Two Surgeons Team Up to Remove 2,000 Cranial Base Tumors

In one of the nation’s longest and most successful surgical partnerships, Loyola Medicine neurosurgeon Douglas Anderson, MD, and otologic surgeon John Leonetti, MD, have worked together to remove nearly 2,000 cranial base tumors during the past 30 years.

Medicine


Researchers Identify Tactic Dengue Virus Uses to Delay Triggering Immune Response in Infected Host

Mount Sinai researchers describe novel mechanism cells use to recognize earliest stages of infection and how virus evades triggering an immune response

Medicine

Science


Grazing for the Greater Good: Study Finds Amoeba “Grazing,” Killing Bacteria Usually Protected by Film

A University of Wisconsin-Madison professor of bacteriology has shown the first proof that a certain group of amoeba called dictyostelids can penetrate biofilms and eat the bacteria within.

Life

Law and Public Policy


Why Swarthmore Supports Putting a Price on Carbon Pollution

Swarthmore College is leading the effort among colleges and universities to support carbon pricing as a matter of policy.

Medicine


Hopkins Researchers Discover Birth-And-Death Life Cycle of Neurons in the Adult Mouse Gut

Johns Hopkins researchers today published new evidence refuting the long-held scientific belief that the gut nerve cells we’re born with are the same ones we die with.

Medicine


Promising New Drug Development Could Help Treat Cachexia

According to the National Cancer Institute, nearly one-third of cancer deaths can be attributed to a wasting syndrome known as cachexia. Cachexia, an indicator of the advanced stages of disease, is a debilitating disorder that causes loss of appetite, lean body mass and can lead to multi-organ failure. Now, researchers at the University of Missouri in partnership with Tensive Controls, Inc. have developed a drug that could reverse cachexia. The team currently is seeking canine candidates for a pilot study to test the new drug.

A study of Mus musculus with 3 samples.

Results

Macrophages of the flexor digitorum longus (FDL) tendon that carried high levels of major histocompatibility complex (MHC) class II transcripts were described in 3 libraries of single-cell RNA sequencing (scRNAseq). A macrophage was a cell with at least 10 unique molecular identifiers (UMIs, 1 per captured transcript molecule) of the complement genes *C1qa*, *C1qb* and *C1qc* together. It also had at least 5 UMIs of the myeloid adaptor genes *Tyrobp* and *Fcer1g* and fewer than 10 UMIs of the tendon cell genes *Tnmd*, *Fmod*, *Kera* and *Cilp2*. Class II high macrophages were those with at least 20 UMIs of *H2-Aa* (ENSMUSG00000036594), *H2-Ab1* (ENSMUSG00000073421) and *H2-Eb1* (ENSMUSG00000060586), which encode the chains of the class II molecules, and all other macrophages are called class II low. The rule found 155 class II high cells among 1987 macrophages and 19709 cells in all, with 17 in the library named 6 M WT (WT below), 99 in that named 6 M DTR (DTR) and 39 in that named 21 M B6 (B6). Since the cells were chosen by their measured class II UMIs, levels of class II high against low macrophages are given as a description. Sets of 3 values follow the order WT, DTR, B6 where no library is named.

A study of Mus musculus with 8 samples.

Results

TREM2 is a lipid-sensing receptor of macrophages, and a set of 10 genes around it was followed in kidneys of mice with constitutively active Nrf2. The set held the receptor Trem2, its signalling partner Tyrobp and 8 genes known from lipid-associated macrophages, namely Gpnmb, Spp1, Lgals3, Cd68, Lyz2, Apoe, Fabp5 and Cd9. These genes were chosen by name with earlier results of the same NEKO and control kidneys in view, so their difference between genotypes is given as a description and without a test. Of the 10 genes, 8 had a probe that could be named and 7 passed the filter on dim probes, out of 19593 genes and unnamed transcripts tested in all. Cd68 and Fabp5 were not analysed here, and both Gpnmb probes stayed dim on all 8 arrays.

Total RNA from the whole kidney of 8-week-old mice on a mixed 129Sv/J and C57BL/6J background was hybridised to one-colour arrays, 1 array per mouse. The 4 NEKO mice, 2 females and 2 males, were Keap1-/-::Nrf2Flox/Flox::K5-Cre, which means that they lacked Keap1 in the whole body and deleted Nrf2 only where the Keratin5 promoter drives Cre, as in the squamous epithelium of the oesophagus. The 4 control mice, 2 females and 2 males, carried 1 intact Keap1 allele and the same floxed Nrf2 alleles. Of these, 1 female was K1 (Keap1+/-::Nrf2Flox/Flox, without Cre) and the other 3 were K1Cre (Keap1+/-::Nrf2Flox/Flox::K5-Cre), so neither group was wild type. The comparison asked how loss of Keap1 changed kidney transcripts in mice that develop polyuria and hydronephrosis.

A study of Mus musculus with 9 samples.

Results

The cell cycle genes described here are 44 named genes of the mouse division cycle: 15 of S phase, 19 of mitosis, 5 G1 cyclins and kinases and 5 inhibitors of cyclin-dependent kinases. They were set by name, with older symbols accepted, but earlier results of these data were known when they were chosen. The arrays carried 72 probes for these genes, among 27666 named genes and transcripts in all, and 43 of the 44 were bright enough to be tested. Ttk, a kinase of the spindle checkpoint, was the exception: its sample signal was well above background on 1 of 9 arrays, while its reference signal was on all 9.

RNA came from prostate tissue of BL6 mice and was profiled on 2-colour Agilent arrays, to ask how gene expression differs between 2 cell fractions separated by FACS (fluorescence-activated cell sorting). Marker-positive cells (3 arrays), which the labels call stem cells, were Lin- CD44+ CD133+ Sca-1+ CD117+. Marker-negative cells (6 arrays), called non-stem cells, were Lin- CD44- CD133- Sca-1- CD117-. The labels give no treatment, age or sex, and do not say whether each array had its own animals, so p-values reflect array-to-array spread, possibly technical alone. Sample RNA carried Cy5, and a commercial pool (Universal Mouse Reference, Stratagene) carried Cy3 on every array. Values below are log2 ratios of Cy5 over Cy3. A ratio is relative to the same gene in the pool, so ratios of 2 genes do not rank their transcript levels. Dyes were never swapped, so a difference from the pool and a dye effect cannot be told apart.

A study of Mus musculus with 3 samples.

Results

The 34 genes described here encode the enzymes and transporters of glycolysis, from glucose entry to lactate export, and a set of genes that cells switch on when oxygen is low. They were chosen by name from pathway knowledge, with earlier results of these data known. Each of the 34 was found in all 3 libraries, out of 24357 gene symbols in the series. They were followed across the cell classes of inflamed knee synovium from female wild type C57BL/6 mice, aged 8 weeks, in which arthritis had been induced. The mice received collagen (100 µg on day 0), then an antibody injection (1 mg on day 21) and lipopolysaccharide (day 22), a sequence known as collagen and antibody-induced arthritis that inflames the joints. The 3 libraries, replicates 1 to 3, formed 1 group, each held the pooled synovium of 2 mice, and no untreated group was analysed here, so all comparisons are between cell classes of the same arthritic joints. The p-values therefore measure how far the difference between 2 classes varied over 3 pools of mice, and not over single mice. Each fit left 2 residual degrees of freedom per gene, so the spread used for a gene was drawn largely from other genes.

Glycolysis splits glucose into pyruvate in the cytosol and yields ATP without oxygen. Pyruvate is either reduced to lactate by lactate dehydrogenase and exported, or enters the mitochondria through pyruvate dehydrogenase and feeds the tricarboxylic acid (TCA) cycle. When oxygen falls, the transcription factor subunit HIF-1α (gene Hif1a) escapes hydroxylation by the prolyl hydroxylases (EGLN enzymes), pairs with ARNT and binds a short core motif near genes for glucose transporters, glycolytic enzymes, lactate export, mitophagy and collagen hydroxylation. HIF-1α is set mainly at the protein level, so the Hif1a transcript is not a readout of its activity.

Medicine

Science


UK Awarded $11.2 Million Grant to Launch New Center for Cancer and Metabolism

The University of Kentucky was recently awarded a prestigious Centers of Biomedical Research Excellence (COBRE) grant to study the metabolism of cancer from the National Institutes of General Medical Sciences, part of the National Institutes of Health. The $11.2 million grant will fund UK's Center for Cancer and Metabolism over the next five years.

Medicine


Study: Can Wrist Devices Detect Sleep Apnea with Lab Precision?

Researchers from the Peter O’Donnell Jr. Brain Institute will participate in a national study to determine whether medical devices used in the home can diagnose sleep apnea that often develops after traumatic brain injuries (TBI).

Science


Science Fiction Horror Wriggles Into Reality with Discovery of Giant Sulfur-Powered Shipworm

Our world seems to grow smaller by the day as biodiversity rapidly dwindles, but Mother Earth still has a surprise or two up her sleeve. An international team of researchers were the first to investigate a never before studied species a giant, black, mud dwelling, worm-like animal. The findings will be published online in the Apr. 17 issue of the Proceedings of the National Academy of Sciences.

Science


Why Study in Femtoseconds?

The text on this screen may appear stable enough, but every molecule, atom, and electron in it is in constant motion. The laws of quantum physics require that on the atomic scale nothing is ever truly at rest. Nano-sized motion also keeps us warm, cooks our food, lights our smartphones, and enables all of our senses of hearing, sight, smell, taste, and touch.